China Adding New Coal Power Plants Equivalent to Entire European Union Capacity

China Adding New Coal Power Plants Equivalent to Entire European Union Capacity
Smoke billows from a coal-fired power plant in Beijing, China on Nov. 19. 2014. (Kevin Frayer/Getty Images)
Chriss Street
News Analysis

China is planning to build another 300 coal-fired power plants that will produce the equivalent of all the coal-fired power plants in the 28-nation European Union.

Despite signing climate-change treaties to reduce CO2 emissions, including the United Nations-sponsored 2009 Copenhagen Accords and the 2015 Paris Agreements, China’s coal-fired power capacity quintupled from 195 gigawatts in 2000 to 973 gigawatts in 2018.
While China relentlessly increased its coal-fired power generation, 1,756 gigawatts of planned coal-fired power capacity was canceled between 2010 and 2018, according to Global Energy Monitor. Already accounting for almost half of the world’s 2,024 gigawatts of coal-fired capacity, the Financial Times reported that China will add another 148 gigawatts of domestic coal-fired power, about the same as the European Union’s 149 gigawatts of existing coal-fired capacity.
China did make “significant declines” in air pollution in the five years from 2013 to 2017 by reducing PM2.5 fine particle pollution levels by about one third, according to a study published by the U.S. journal Proceeding of the National Academy of Sciences (PNAS). But given that Beijing’s PM2.5 concentration in 2013 was 40 times higher than the recommended standards of the World Health Organization (WHO), cutting levels by a third means that Beijing’s PM2.5 concentrations are still 27 times higher than the recommended WHO standards.

The study credits China with implementing new standards for thermal power plants and industrial boilers, the replacement of old factories, and new emissions rules for vehicles. PNAS praised China’s big increases in renewable energy capacity, but made no mention of China’s coal-fired capacity rising by 28 percent during the same period.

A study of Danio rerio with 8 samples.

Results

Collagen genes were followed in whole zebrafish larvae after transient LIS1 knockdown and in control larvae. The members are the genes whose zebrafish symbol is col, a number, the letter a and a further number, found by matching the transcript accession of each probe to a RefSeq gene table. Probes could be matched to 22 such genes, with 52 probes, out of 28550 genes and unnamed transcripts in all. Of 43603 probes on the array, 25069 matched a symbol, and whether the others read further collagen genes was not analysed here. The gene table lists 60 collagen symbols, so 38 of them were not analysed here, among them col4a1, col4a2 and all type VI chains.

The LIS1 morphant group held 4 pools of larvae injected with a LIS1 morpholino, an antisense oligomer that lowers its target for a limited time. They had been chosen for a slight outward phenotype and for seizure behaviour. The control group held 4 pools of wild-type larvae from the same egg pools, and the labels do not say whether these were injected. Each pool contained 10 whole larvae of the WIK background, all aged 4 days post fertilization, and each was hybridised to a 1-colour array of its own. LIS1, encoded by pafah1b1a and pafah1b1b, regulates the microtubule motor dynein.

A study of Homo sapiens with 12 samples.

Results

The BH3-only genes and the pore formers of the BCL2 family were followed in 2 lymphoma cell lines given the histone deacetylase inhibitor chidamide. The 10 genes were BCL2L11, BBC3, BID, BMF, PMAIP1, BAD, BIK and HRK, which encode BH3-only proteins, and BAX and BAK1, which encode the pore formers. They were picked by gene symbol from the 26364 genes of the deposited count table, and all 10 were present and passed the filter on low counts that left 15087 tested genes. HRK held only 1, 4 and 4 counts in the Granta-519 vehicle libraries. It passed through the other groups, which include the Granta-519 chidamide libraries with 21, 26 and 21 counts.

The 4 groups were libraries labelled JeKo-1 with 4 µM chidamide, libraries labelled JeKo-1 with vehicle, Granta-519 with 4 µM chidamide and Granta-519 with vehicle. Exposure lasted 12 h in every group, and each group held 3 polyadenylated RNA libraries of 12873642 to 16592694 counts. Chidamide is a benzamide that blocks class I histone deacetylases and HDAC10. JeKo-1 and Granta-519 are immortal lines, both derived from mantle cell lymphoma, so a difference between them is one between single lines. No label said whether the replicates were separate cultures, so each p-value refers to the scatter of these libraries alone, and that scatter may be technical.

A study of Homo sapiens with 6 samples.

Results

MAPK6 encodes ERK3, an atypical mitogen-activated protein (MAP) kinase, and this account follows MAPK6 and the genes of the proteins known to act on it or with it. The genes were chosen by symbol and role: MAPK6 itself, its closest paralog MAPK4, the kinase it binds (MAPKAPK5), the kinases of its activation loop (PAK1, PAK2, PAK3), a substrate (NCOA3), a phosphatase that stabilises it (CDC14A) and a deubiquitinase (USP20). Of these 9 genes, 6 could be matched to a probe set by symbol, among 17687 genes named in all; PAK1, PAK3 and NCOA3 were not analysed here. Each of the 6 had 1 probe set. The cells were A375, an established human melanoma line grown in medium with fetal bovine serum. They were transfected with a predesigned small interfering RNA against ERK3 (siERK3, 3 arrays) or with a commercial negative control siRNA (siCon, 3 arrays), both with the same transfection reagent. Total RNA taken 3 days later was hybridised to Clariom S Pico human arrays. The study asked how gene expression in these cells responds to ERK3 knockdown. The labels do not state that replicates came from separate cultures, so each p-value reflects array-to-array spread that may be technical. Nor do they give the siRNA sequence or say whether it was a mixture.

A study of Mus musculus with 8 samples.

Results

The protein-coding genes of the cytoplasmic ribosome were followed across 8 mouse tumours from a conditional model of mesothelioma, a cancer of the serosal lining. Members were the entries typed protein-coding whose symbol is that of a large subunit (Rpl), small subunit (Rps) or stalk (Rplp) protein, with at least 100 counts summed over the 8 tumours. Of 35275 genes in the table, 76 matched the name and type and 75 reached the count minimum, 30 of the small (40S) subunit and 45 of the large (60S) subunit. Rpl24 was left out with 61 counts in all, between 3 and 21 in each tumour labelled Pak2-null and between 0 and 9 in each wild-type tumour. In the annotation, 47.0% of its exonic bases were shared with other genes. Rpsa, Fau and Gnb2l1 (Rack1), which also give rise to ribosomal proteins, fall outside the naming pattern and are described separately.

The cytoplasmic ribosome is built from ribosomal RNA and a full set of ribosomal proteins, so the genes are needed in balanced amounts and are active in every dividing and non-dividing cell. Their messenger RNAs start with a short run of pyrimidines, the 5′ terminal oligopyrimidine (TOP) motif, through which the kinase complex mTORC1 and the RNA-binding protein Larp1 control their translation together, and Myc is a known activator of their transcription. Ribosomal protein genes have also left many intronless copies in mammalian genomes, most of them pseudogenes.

The main reason for China’s staggering energy consumption growth is the communist leadership directing state-owned power companies to maximize manufacturing export growth by subsidizing industrial customer electrical prices. But facing trade retaliation threats from developed nations suffering from job losses, China was forced in 2017 to move to market-driven pricing by 2020, according to Enodo Economics.
Environmentalists assumed that with renewable energy’s average revenue per unit of electricity generated falling to a modest premium over the cost of coal, China would dramatically increase its industrial-scale deployment of solar and wind farms.
But the Institute for Energy Research reports that the intermittent nature of wind and solar power production and inability to generate peak power during peak consumption demand “imposed” added costs on utilities to constantly keep stand-by fossil-fuel power capacity available. The study found that, “on average, new wind and solar plants cost about 65 percent more than existing coal-fired power plants before applying the imposed costs to wind and solar, and twice as much when the imposed costs are applied.”
Chinese leader Xi Jinping told 40 nations at the Beijing “Belt and Road Forum” in April that China is committed to “open, clean, and green development.” He also said that China’s overseas ventures included more than 300 coal plants, in places such as Turkey, Vietnam, Indonesia, Bangladesh, Egypt, and the Philippines.
Due to China’s internal and external expansions, coal currently generates a near-decades high of 40 percent of the world’s electricity, according to the World Bank. There now are 78 countries using coal to generate power, up from 66 in 2000, with another 16 in construction or planning to build coal-fired power plants.